By Jake Rossen
By Jesse Marx
By Michelle LeBow
By Alleen Brown
By Maggie LaMaack
By CP Staff
By Jesse Marx
CP: Your answer to this is partly implicit in all you've said, but let me ask you to sum up how you'd rate the U.S.'s and Minnesota's state of preparedness for a pandemic.
Osterholm: I think the U.S. right now is leading the way in terms of the overall issue of pandemic influenza preparedness. The problem is that, for much of the developing world, they don't have a lot to prepare for. They don't have sophisticated supply-chain issues. In some ways I think they're better off than we are, because they already live a very simple, hand-to-mouth existence. For us, with our complicated supply networks, we have a long, long way to go. And I think that's as much a private-sector issue as a government issue. I think Secretary Leavitt has been brutally honest in telling American communities, you're going to be on your own. And I think he's right. You know how you creep, then you walk, then you run? We're still on our knees.
CP: What kind of measures might we in the Twin Cities expect to see undertaken in the short term if an outbreak did reach the U.S.?
Osterholm: I can't say. I don't know. I know that the governor today, in his State of the State address, said that he's just committed $10 million to influenza preparedness. What that means, I can't say. We don't have the details yet.
When the virus gets to this continent as a bird virus, it's important that we not overreact and misinterpret it to mean that now the pandemic's here. This will be an important issue for poultry, but as I pointed out, I think most of the poultry in this country—aside from the free-range organic poultry—is going to be pretty well-protected.
It's about the birds and it's not about the birds. It's about the birds now, but when real pandemic influenza occurs, the birds become inconsequential. It's human-to-human transmission that matters then. That's where we're not any better prepared here than anyone else in the world.
CP: How would you rate the media's performance in covering this story—too salacious, too understated, just right?
Osterholm: It's like talking about the weather, I guess—depends on which day, and where. There have been some outstanding reporters on this issue. Helen Branswell, from Canadian Press, covered SARS and has become the primary person on this. She's done it as well as anybody. On the whole, it has been poorly covered in the sense of distinguishing H5N1 in the bird population from pandemic influenza. That part has not been covered in depth. The issue about covering preparedness—no one has really gone into depth and explored the supply-chain issues to say, okay, what does this all mean? Let's take a community and say, what would happen here? We're so fixated on the news cycle that it's too often about, "what new country has just been infected with bird virus?" and not really get into the issues. Ted Koppel at Nightline did an excellent series of stories and asked good, hard questions. But now he's gone and Nightline hasn't picked it up since he left.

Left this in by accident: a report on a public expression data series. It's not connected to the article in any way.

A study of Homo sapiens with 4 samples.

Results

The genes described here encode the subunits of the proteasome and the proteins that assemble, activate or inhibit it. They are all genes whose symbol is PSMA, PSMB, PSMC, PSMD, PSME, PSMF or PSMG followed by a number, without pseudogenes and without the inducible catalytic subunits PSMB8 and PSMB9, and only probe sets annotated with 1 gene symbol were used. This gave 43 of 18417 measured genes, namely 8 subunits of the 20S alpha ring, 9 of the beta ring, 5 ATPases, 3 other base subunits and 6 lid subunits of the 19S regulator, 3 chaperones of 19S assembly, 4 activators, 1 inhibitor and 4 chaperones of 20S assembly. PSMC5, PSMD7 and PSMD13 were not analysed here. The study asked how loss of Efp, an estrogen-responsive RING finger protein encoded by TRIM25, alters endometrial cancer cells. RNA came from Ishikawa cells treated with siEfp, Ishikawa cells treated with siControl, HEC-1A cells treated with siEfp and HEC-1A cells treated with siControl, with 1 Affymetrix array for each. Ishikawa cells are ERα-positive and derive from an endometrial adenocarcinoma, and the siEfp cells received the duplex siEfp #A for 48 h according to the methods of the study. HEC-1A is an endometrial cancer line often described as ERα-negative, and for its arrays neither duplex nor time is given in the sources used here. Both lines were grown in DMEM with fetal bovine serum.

*Cytokines are a class of proteins produced by white blood cells whenever the body finds itself responding to an infection. They vary in function—some cytokines attack invading microbes directly, others relay chemical messages from cell to cell, still others bind with cells in the hypothalamus region of the brain to produce fevers. Cytokines are toxic not only to infectious agents in the body but to the body itself: Much of the pain and discomfort that accompany illnesses like the common flu, for example, are in effect hangover symptoms from the toxic effects of the body's own immune response. The term "cytokine storm" refers to the immune response that occurs when the body is confronted with an infectious agent that reproduces at great speed and in huge volume. This "viral storm" generates an equally huge immune response—the cytokine storm—that can take such a toll on lung tissue (the main battleground where the virus and the immune system face off) that it deprives vital organs of enough oxygen to function, and sets off cascading organ failure.